It is clear that the development of open public local access networks is taking place in developing countries as strongly as it is in developed markets. This is due to the remarkable and growing community of ‘grass-routers’ – individuals, often of a younger generation, that have immense knowledge, determination, energy and commitment to bring the benefits of the digital technologies of abundance to their own community and country. They understand the new ‘open access’ paradigm and in many cases, will be responsible for impacting local public policy in their country in the years ahead – not by a process of lobbying – but by a process of practical demonstration.
These ‘grass-routers’ are hungry to share their knowledge with others and to gain from networking experience and also to learn from OPLAN ‘experts’. Often, all they lack is the financial means to travel to where this knowledge and networking is taking place.
The OPLAN Foundation seeks to help those ‘grass-routers’ who lack these resources by providing bursaries with your donation.
Let us know of any event or institute that you think the OPLAN Foundation should consider promoting and supporting by helping individuals who lack the financial resources to attend by offering them Bursaries. Send an email to firstname.lastname@example.org
“Wireless Networking in the Developing World” by the Limehouse Book Sprint Team
In January 2006 the Limehouse Book Sprint Team launched the first edition of: “Wireless Networking in the Developing World – a practical guide to planning and building low-cost telecommunications infrastructure”. The book was created by a multinational team of experts. Each, in their own field, is actively pushing the reach of the ever-expanding internet further still. The book can be downloaded free at http://wndw.org.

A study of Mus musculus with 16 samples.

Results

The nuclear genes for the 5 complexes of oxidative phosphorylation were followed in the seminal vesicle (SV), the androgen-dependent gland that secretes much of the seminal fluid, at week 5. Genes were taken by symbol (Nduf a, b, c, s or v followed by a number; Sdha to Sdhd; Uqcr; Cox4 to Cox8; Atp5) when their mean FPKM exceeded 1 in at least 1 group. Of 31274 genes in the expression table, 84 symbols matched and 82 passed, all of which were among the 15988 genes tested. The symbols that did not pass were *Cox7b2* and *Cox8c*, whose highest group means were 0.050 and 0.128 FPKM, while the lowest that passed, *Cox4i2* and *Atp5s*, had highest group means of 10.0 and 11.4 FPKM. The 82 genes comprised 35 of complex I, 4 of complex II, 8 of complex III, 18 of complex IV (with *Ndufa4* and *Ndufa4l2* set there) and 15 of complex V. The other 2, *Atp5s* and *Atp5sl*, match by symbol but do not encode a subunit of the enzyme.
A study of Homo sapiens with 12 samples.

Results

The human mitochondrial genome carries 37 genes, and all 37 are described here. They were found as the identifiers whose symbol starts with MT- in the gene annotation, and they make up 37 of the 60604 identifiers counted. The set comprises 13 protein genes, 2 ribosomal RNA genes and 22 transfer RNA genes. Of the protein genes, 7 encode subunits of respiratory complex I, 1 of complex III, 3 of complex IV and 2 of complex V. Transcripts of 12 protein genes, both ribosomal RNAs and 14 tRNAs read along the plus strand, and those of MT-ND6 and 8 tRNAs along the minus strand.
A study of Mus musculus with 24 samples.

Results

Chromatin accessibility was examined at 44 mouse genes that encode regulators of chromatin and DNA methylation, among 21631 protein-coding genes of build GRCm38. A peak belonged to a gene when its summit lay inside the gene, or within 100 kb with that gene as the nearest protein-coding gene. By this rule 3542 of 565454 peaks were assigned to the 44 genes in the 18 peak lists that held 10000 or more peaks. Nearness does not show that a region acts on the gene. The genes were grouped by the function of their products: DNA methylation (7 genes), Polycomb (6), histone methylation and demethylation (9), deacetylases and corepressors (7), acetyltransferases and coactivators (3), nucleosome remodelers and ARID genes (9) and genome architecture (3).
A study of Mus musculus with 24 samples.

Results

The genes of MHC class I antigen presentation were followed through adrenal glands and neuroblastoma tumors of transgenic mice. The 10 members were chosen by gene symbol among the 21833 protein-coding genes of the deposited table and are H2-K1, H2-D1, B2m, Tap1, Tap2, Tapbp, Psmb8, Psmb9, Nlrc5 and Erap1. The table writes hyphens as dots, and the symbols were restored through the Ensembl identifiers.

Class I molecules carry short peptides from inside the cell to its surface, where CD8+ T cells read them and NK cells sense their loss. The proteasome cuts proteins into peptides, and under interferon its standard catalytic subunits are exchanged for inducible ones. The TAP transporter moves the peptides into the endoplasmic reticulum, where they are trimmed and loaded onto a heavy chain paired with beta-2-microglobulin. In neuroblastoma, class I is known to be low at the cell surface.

The massive popularity of wireless networking for creating an OPLAN has caused equipment costs to plummet while capabilities increase. By applying this technology in areas that are badly in need of critical communications infrastructure, more people can be brought online than ever before, in less time, for very little cost.
Rob Flickenger, the lead author, editor, and illustrator of the book, says:
“We hope to not only convince you that this is possible, but also show how we have made such networks perform. Most importantly, we want to give you the information and tools you need to start a network project in your local community.”
Over a period of a few months, he and the volunteer core team of seven have produced this comprehensive book. It documents their efforts to build wireless networks in the developing world. It gives a detailed overview and full information about the physical, technical and social aspects of building wireless based communication infrastructures. It is available in different languages as well as in a print on demand version. It will be continuously updated.
However, to secure the project’s growing success it needs continuous financial support which the OPLAN Foundation is committed to help raise. Will you please help?